Distance travelled as a proxy for measuring changes in the magnitude of mobility during COVID-19 in The Gambia (Arai et al. 2021)


At the onset of COVID-19 in The Gambia, there was an existing institutional framework between the Gambia Bureau of Statistics (GBoS), the Public Utilities Regulatory Authority (PURA), The World Bank, and The University of Tokyo, to utilize CDR data for creating an evidence base for policy and project design in the context of economic and social development. In responding to the health crisis, the government announced social distancing policies, which would bear a high cost for households and firms (Gottlieb, Grobovsek, Poschke, & Saltiel, 2020). The team agreed on exploring an evidence base for smart containment measures and then focused on the use of CDR data to understand patterns of human mobility during COVID-19.

Insights on this approach

The analysis of changes in mobility patterns during COVID-19 in The Gambia is based on a set of mobility indicators, which is calculated based on CDR aggregates. These indicators capture changes in population movements during the baseline, under COVID-19 and post-intervention periods, and results can be updated continuously as additional CDR data becomes available.

The data of the first two weeks of March were used for computing values used as baseline, which are regarded as routine mobility. The standardised indicators were proposed by the World Bank COVID-19 Mobility Task Force and built on a framework developed by Flowminder to support MNOs in producing basic indicators from telecom data (see Flowminder COVID-19 Resources - Mobility indicators). Methodologies for computing indicators were designed with the considerations that it is not excessively computationally intensive to produce even in resource scarce settings, fully anonymous and contain no information about individual subscribers, ensuring that the privacy of subscribers is maintained at all times, and robust to sparse tower distribution and to infrequent phone usage, both of which are common in low-and middle-income countries.

Key steps taken for producing statistics

  • Examining the relevance of the data for analysis: Prior to the analysis, the validity of CDR data was examined using population density, and phone usage patterns in terms of transaction volume and number of active subscribers. Although available data are limited, this process helped understand quality in statistics produced from CDR data, and identify strengths and weaknesses to improve process and product quality.
  • Computing an indicator as a proxy for distance travelled: For measuring changes in the magnitude of mobility over the data period, the distance of flows among cell towers is used as a proxy for distance travelled. A trip is defined by two consecutive data points, which are used as a pair of an origin and a destination; for each pair, Euclidean distance is computed using the geographic coordinate of cell towers. The distance travelled is computed as the sum of the distance of trips per person, and then aggregated by grouping people by their home region. For each region, average, median, and 75-percentile distances were computed and used for measuring the daily mobility level. For the analysis, 75-percentile distances were used because the median value resulted in zero in many districts. It indicates that the results of this indicator could represent people whose mobility is relatively high.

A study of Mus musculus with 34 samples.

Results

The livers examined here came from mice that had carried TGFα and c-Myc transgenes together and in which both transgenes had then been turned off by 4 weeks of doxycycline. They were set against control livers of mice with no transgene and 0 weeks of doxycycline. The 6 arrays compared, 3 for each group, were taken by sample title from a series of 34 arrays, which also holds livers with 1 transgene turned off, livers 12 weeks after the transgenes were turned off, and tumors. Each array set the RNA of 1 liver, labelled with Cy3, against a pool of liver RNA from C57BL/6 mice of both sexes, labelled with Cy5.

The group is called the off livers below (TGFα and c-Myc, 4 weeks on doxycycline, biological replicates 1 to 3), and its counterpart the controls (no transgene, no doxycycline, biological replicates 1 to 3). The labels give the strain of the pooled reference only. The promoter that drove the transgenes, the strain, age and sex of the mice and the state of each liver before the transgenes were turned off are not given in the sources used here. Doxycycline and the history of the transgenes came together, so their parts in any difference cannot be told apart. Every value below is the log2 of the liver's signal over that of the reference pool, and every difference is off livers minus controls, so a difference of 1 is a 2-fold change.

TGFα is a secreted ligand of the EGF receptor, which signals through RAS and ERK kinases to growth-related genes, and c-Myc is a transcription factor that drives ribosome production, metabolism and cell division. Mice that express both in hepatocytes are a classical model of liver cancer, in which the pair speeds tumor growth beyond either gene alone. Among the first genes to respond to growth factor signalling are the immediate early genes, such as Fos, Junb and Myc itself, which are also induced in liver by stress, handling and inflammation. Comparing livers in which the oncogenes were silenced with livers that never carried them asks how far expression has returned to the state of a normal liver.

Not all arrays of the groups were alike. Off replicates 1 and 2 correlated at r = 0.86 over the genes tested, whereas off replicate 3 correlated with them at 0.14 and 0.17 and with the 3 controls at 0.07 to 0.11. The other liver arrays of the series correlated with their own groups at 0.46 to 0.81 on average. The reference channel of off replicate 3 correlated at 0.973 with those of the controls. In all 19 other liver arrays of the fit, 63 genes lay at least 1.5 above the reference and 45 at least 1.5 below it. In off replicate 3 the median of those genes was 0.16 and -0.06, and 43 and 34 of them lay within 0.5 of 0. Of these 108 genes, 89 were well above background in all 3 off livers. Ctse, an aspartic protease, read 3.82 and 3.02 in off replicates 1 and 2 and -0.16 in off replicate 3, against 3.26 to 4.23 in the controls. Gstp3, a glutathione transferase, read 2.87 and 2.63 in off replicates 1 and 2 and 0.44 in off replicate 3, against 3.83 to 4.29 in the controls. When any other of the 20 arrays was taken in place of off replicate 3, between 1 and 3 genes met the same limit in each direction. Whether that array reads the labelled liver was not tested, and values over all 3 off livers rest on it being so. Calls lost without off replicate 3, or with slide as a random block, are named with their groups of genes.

• Interpretation of results: The indicator showed the transitions of mobility levels at the district level over the data period. After the social distancing policy imposed, the distances travelled remain less than the baseline except on the day where Ramadan ended. It suggests that the mobility of people decreased overall. Among the non-capital districts, districts in urban areas show the most significant decreases, and those in rural areas have similar trends with smaller magnitudes. These trends indicate more significant impacts on mobility in rural areas that rely heavily on mobility for the purposes of temporary migration and trade.

Areas for improvement and challenges

This indicator is useful for examining the transitions of regional mobility levels over the data period. While it enables to see changes at the district level, the value of the indicator must be carefully interpreted because the value itself is the function of cell-tower density. In addition, mean values for regions in rural areas tend to be affected by extreme values generated from distant-cell towers, which are much longer distances than that can be travelled. In addition, median values for rural areas tend to be zero because short-distance travel is not detected when a wide area is covered by a cell tower. Using the value of the 75th percentile resulted in representing the mobility patterns of people whose mobility is relatively higher. Although the value enabled to capture changes without being affected by extreme values, development of more robust methods would be needed.